Being the mayor of any city is one of the greatest personal and professionally rewarding and challenging endeavors that any person will ever undertake in their lives. I had that honor for eight years, and I will be forever grateful to the citizens of Philadelphia for giving me and my family the privilege to serve our city.

We are now experiencing one of the great health, social, and economic challenges in recent history in our city, our country, and our world. The coronavirus pandemic will change our city and our people — and we need a strong leader to guide us through this moment in history.

Philadelphia has certainly had its share of triumphs and crises over the last few decades, each requiring the leader of the city to demonstrate remarkable, bold, and at times controversial leadership to carry us through stormy and difficult times.

I was mayor during the Great Recession. One important lesson from that experience is that “you don’t pick your challenging moments, they pick you.” We, like the rest of the world, had no idea that the Great Recession had already started the month before I was sworn in as mayor in January 2008. What happened during that time was incredible — people lost their jobs, their health care, their homes, their pensions, their businesses — and very nearly a sense of hope. The Great Recession nearly devastated our City of Brotherly Love and Sisterly Affection.

What gave me hope every day was the spirit, resilience, and commitment of my fellow Philadelphians that we were all in this together — what we called a “shared sacrifice.” I knew and believed that every day, if we were honest with Philadelphians about why we were proposing what we were proposing, if we exhibited good and sound judgment, if we communicated regularly and firmly, if we showed in our actions, words, and deeds that we understood the pain and hardship of our requests for their sacrifices, that most of our citizens would understand. Even if they complained about our proposals and ideas, they knew we cared about their safety and welfare — even if it was painful, inconvenient, or aggravating. That’s called leadership.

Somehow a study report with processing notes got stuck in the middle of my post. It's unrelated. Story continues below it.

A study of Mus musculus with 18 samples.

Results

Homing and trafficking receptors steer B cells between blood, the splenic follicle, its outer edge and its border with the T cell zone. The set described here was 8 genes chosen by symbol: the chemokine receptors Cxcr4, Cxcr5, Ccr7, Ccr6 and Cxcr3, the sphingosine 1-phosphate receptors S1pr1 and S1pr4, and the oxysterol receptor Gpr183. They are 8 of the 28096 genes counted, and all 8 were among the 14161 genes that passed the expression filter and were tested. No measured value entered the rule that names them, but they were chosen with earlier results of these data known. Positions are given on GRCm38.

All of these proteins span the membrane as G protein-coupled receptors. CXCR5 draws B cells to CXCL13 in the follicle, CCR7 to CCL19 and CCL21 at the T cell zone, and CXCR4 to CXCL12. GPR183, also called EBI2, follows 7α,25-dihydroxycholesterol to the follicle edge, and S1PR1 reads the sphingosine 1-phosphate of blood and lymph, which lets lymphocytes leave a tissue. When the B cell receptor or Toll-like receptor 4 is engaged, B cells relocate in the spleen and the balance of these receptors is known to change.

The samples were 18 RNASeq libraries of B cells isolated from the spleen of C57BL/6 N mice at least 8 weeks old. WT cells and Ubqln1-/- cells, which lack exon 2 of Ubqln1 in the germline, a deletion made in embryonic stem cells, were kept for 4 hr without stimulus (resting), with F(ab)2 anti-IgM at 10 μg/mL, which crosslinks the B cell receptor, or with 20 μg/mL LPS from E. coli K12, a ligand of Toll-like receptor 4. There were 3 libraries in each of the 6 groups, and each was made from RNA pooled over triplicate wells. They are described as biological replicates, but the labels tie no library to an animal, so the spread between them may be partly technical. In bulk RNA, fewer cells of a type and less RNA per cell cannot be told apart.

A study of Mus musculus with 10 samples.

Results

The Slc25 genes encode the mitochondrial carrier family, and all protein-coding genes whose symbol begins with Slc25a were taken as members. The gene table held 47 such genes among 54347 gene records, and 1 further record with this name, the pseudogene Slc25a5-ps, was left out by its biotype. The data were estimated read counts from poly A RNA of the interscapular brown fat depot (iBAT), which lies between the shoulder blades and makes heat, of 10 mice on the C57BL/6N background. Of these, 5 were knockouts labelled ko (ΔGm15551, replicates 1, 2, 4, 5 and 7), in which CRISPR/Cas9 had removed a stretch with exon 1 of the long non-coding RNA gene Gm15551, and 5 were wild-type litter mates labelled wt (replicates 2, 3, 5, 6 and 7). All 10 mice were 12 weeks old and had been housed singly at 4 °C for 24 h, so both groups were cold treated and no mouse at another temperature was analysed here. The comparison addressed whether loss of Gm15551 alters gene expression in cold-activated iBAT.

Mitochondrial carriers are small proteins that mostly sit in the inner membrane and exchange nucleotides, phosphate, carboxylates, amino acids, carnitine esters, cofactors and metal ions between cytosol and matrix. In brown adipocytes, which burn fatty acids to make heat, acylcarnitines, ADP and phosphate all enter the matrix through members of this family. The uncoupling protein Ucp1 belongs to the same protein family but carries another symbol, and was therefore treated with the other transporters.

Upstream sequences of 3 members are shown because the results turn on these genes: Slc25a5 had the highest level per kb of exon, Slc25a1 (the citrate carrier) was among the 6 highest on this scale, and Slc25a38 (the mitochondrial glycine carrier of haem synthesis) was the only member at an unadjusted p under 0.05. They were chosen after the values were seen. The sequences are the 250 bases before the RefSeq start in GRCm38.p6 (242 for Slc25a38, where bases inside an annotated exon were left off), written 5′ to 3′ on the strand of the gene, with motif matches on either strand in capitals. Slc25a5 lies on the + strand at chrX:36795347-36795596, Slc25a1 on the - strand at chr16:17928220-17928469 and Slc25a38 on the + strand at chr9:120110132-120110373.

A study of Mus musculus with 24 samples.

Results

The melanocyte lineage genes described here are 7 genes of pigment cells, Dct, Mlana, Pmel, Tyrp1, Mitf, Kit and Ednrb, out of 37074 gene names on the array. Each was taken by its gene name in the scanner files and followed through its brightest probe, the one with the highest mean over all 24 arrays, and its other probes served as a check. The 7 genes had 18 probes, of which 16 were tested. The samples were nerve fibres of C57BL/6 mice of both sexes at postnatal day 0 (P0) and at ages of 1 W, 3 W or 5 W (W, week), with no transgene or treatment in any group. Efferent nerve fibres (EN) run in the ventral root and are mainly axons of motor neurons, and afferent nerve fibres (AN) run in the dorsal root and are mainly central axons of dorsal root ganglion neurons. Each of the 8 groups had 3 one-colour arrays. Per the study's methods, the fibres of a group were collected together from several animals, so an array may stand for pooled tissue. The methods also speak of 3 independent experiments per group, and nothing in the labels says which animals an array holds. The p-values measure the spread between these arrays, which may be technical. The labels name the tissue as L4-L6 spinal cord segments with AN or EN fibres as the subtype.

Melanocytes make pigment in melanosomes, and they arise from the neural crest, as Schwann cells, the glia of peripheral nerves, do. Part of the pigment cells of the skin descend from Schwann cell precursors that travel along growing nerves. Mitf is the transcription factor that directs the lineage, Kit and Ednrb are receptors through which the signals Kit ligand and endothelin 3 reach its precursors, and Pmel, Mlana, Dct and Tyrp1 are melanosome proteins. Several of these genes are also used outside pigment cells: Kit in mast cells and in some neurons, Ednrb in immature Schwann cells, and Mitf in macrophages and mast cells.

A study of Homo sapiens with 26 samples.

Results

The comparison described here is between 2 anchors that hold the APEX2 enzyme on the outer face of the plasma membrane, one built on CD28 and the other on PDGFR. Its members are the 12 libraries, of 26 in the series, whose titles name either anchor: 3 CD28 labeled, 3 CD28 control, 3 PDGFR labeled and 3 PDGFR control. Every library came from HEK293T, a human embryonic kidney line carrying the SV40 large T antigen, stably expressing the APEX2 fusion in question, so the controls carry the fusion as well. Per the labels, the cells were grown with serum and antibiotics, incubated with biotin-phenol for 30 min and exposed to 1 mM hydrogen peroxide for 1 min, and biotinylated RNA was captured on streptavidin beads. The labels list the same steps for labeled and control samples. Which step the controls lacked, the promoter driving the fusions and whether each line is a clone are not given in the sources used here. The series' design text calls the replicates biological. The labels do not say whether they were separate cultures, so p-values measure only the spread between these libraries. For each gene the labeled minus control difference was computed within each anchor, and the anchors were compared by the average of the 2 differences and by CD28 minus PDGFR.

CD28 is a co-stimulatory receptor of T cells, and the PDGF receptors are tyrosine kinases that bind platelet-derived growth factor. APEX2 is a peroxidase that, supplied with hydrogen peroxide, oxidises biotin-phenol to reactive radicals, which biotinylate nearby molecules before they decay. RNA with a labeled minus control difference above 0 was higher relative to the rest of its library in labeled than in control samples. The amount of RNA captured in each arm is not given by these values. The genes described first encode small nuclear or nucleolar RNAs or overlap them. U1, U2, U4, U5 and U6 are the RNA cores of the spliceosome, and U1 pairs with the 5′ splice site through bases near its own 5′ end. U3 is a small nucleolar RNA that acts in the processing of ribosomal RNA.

Leadership means being bold, it means doing what needs to be done, even when you don’t want to or you’re concerned that it will upset some, offend others, or make you unpopular as an elected official. It is not your duty to be popular as an elected official (although that’s nice), but rather your job is to be effective, efficient, productive, caring, and decisive. That is the job!

You don’t pick your challenging moments, they pick you.

One example of a time when I had to make an unpopular choice for the good of the citizens of Philadelphia is when I signed an executive order on inauguration day to declare a crime emergency. People were unhappy about this, but I knew that this measure could save lives, and it was my job to make sure the people of Philadelphia are safe.

In my time as mayor, I know I made some mistakes, and we didn’t always get it right. I was a public servant, and not a perfect servant. In my public service, though, I was guided by one very important and fundamental principle: “The fundamental duty of any government is to provide for the safety and protection of its citizens.” That was my North Star, and that’s what I thought about every day I served — how can my decisions help ensure the greatest level of protection for the largest number of people.

We are now faced by the enormity of that question right now, as Philadelphia faces the outbreak of the coronavirus.

Leadership is a lonely place. It is in these moments that leaders often have to cast aside their own personal or political concerns and ask the fundamental question: What is the right thing to do now, to ensure the safety and protection of the greatest number of my citizens now and for tomorrow?

That is what leadership is all about — and that is what Philadelphia, and all of our cities, need right now.

Michael Nutter was mayor of Philadelphia from 2008 through 2016.